Julian Tanase Photography

My Minox journey continues…

Orizont Amator

Orizont Amator

A simple camera, made in Romania, under license from a German company, King (Bad Liebenzell). So, as much would like Romanian optics industry to claim this camera as a Romanian one, it cannot, not fully. It was a camera designed and owned by a German company, the IOR only produced it under license. Completely mechanical, it does not require batteries to function.

It would be safe to assume that this model of camera is identical to the PICCA C, the simplest camera produced by the Kng company in the early 70s. Quoting from the Wiki-knows-all: “This camera was also licensed to be made by the IOR camera company in Romania, even until 1989 after King itself had ceased trading. Foto-Quelle sold the complete series Picca C, CB, CLK and Picca-mat as Revue 100 C, 200 C, 300 C and 400 C”.

Featuring a fixed lens of f=40mm / 1: 2.8, FotoClar 300, in a 3-element uncoated, with a min focusing distance of 1 metre, shutter speeds from 1/30 to 1/300, with a B (bulb) extra. The firing button had a threaded port for a release cable. The camera sports a fake meter, behind the bubbled window there is nothing.

Advancing the film is by means of a advance lever, aluminium (reinforced), and a frame counter can be seen right above the advancing lever, at the end of the camera. Focusing is by zone, and distance can be set in both in imperial and metric distance measurement.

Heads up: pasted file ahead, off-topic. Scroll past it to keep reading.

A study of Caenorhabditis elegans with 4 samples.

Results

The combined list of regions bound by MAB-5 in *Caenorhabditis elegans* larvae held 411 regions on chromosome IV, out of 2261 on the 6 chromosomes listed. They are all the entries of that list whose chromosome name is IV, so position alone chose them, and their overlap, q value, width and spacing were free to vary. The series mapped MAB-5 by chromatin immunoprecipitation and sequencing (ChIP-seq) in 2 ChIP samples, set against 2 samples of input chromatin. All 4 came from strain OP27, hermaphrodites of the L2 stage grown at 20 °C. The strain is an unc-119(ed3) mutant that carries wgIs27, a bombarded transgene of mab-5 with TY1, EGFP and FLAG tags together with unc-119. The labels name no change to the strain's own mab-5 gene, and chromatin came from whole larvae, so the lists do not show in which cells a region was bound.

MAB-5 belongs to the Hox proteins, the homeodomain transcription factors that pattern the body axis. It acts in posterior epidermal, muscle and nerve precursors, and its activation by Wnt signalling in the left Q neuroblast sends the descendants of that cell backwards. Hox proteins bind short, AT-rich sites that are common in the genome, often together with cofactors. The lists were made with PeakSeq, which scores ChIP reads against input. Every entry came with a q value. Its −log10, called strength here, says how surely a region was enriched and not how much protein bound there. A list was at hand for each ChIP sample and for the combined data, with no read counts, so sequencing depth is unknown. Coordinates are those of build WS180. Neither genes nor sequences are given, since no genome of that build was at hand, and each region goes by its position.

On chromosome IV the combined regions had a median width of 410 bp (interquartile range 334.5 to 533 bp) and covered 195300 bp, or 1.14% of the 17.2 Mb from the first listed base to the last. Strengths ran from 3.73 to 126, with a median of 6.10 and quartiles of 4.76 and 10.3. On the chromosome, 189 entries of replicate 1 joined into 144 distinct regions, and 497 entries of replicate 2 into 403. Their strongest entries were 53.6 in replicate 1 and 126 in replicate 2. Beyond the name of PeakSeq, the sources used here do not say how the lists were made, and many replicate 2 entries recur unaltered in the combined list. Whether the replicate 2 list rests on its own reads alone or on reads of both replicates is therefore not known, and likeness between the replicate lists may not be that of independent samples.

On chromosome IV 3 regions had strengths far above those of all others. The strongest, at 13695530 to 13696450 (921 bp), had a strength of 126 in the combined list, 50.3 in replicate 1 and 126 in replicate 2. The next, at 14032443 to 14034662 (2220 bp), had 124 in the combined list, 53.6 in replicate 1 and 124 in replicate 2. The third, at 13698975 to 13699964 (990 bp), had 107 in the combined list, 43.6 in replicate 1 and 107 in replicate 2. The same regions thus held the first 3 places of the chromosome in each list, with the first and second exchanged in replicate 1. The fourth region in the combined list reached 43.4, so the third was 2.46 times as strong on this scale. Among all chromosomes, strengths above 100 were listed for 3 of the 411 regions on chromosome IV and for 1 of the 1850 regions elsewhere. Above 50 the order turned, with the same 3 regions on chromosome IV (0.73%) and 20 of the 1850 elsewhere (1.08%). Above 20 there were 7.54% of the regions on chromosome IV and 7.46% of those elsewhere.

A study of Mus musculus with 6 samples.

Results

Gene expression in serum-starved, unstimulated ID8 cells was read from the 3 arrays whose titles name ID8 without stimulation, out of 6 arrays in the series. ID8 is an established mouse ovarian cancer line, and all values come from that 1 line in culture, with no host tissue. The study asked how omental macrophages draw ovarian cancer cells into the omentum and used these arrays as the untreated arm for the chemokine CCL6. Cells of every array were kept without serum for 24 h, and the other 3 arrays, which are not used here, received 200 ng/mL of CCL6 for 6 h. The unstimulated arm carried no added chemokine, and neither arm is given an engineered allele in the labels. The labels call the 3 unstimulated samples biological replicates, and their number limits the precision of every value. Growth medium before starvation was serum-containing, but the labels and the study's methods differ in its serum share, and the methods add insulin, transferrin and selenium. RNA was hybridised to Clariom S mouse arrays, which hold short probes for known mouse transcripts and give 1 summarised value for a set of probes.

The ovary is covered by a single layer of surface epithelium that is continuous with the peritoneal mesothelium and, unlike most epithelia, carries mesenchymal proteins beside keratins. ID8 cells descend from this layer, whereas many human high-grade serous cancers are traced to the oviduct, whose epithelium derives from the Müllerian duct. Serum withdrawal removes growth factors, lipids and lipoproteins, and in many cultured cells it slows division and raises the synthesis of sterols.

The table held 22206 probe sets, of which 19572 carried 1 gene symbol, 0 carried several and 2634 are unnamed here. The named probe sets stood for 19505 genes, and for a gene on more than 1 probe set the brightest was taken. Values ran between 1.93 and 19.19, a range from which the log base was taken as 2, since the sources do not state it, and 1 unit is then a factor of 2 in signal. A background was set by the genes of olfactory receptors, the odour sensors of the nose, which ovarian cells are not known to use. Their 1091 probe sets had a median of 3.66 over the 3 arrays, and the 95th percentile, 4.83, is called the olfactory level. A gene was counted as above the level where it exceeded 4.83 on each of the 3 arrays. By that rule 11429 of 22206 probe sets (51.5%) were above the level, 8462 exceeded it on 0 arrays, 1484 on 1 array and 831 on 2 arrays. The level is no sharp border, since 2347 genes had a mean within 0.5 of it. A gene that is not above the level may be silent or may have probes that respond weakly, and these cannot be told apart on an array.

Simple viewfinder, bubble type, with no parallax correction. A hot shoe can be used for flash photography. Long exposures can be achieved only by employing the use of a release cable, mounted onto the top plate, near the release button of the camera. Rewinding is by hand, cranking the film back in the cassette.

A few other details regarding the Orizont-series camera, produced in Romania and based on the same main model, can be found here:


These cameras were exceedingly prone to failure of the internal winding gear, made from brittle plastics. Many of those surviving are broken, with the usual numbers of surviving in good condition. Collectible? There is a rather minute demand for these, and the collector’s niche is almost non-existing. Being a copy of a less known camera to start with, manufactured under license in a communist country not known for its quality control does not help either. That said, I have one, and probably I would get another if occasion appears.